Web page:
Ronald Drever, the co-founder of the Laser Interferometer Gravitational-wave Observatory (LIGO), has died at the age of 85. The Caltech physicist was key to the discovery of gravitational waves, opening up a new era in astronomy.
Drever was born in Bishopton, Scotland in 1931. From a young age, he showed an interest in engineering, building a television from pieces of junk and surplus items. He attended the University of Glasgow, gaining a PhD in natural philosophy in 1958.
He started working at the university, carrying out physics experiments relating to neutrinos and Earth's magnetic field. From the 1970s, he started a research group with the aim of detecting gravitational waves – ripples in spacetime first predicted by Albert Einstein a century ago.
His would be the first experiments attempting to detect gravitational waves. After a number of failures, he started building a prototype interferometer. He joined the Caltech faculty in 1979, two years after visiting as an associate. It was here he built a prototype 40-meter inferferometer, which is still being used by LIGO scientists today.
In 1984, together with Kip S. Thorne, Richard P. Feynman and Rainer Weiss, he created LIGO. A statement from LIGO said: "Drever brought his insight as a talented experimentalist to the team of Kip Thorne and Rainer Weiss. It was the early work of this trio that made LIGO's groundbreaking discovery possible decades later. Drever's pioneering work was recognised with numerous awards."
David H Reitze, the current director of LIGO, added: "[Prof Drever] was instrumental in the 1980s and 1990s in developing some of the key concepts for precision measurement and [gravitational wave] laser interferometry."
In an obituary on the Caltech website, Thorne said Drever was "one of the most innovative scientists I've known", adding that "his approach to physics was so different from mine: intuitive rather than analytic. He could see things intuitively, quickly, that would take hours for me to understand in my more mundane way with mathematical calculations."
Drever was key to the design of LIGO, modifying the way light is trapped between mirrors. "Drever invented a method to make the laser light highly stable in frequency and perfected it in collaboration with John Hall at the University of Colorado," the obituary reads.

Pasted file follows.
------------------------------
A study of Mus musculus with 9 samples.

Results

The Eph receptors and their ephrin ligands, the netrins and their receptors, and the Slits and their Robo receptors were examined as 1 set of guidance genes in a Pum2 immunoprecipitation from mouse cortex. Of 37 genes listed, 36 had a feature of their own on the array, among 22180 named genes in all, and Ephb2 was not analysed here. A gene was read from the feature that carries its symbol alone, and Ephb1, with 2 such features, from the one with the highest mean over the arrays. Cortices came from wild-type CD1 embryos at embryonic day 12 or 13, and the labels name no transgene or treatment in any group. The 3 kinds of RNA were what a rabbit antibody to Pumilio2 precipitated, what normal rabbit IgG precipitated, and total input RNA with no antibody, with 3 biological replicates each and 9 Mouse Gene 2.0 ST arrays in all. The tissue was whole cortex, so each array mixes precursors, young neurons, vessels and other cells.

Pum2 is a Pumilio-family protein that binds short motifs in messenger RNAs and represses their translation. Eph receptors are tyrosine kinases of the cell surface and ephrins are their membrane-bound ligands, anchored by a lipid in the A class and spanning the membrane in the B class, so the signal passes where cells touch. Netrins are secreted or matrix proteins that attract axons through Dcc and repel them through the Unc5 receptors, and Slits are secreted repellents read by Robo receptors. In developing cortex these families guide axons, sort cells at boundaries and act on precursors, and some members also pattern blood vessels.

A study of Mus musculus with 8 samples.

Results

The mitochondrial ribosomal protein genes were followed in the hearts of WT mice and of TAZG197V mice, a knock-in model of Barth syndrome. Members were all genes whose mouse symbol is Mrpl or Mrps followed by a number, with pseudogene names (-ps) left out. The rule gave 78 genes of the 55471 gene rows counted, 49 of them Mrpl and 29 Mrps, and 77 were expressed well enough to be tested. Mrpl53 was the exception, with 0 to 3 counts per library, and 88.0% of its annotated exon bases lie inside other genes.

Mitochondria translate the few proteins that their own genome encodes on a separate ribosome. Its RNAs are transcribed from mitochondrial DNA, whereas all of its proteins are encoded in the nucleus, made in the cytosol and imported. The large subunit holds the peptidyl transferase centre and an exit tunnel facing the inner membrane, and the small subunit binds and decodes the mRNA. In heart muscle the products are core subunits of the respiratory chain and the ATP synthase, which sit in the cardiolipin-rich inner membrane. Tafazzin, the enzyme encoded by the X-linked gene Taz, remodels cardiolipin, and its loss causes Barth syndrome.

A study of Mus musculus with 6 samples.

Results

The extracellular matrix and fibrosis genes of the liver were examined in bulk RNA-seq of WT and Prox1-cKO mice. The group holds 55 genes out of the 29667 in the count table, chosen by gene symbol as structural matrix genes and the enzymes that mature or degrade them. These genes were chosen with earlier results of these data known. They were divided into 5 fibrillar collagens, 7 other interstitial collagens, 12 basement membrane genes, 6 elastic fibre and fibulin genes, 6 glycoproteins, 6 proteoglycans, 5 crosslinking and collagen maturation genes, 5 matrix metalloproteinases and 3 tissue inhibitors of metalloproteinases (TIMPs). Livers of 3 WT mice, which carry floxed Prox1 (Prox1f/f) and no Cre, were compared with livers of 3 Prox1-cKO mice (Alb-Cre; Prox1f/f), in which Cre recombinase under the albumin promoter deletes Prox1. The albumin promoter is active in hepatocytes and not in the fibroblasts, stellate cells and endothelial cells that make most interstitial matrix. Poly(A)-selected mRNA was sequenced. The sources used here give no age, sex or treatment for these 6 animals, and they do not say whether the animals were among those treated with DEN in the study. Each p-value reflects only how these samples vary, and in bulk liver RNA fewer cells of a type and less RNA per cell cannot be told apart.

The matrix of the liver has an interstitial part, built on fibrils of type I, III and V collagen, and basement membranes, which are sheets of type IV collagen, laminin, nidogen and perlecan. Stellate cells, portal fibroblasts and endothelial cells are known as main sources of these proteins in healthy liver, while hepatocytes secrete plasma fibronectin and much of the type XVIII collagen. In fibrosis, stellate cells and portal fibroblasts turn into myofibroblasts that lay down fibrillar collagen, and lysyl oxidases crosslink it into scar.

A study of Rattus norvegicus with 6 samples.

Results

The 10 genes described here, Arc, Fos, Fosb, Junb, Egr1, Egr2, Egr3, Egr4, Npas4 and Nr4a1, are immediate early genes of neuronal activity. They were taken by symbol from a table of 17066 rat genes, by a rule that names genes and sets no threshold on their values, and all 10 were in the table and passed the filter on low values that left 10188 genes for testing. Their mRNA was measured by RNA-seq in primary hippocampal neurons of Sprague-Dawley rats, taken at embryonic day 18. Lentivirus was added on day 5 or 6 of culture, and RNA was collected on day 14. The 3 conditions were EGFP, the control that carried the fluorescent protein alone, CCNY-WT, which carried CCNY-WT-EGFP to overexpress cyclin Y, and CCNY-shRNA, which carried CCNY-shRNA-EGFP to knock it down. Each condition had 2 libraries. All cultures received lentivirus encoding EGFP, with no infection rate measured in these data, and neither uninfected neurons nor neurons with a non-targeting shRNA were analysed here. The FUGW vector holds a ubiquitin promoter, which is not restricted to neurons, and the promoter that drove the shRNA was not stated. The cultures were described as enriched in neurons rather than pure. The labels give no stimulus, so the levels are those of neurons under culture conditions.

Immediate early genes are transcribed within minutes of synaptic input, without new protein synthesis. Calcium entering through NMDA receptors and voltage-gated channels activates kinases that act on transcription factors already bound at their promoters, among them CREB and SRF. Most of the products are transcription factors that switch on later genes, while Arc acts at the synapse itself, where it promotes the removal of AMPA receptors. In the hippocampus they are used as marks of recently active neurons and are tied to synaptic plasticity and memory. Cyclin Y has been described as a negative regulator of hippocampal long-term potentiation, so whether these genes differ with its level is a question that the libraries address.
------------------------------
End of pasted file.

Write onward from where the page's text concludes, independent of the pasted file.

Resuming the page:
"This method, now called Pound-Drever-Hall laser stabilisation, has come to be used widely in other areas of science and technology. These various inventions were tested in prototype interferometers that were built at Caltech and in Glasgow under Drever's leadership, and variants of them are now incorporated into LIGO."
He retired from Caltech in 2002. The detection of gravitational waves was officially announced in February 2016. Drever was unable to celebrate the achievement with his colleagues as he was then suffering from dementia. He watched the announcement with his nephew Ian Drever.
Announcing his death in a statement, his family said he passed away peacefully following a "short, but rapid deterioration in his health".
"Ronald dedicated his lifetime to researching gravitational wave detection through LIGO and despite the fact dementia featured in his latter years, he was still aware of the global recognition that he and his colleagues at Caltech University in California and also the University of Glasgow had achieved. We are extremely proud of Ronald and his scientific achievements; he was unique and unconventional but very caring with a strong sense of humour. He will be sadly missed by us all."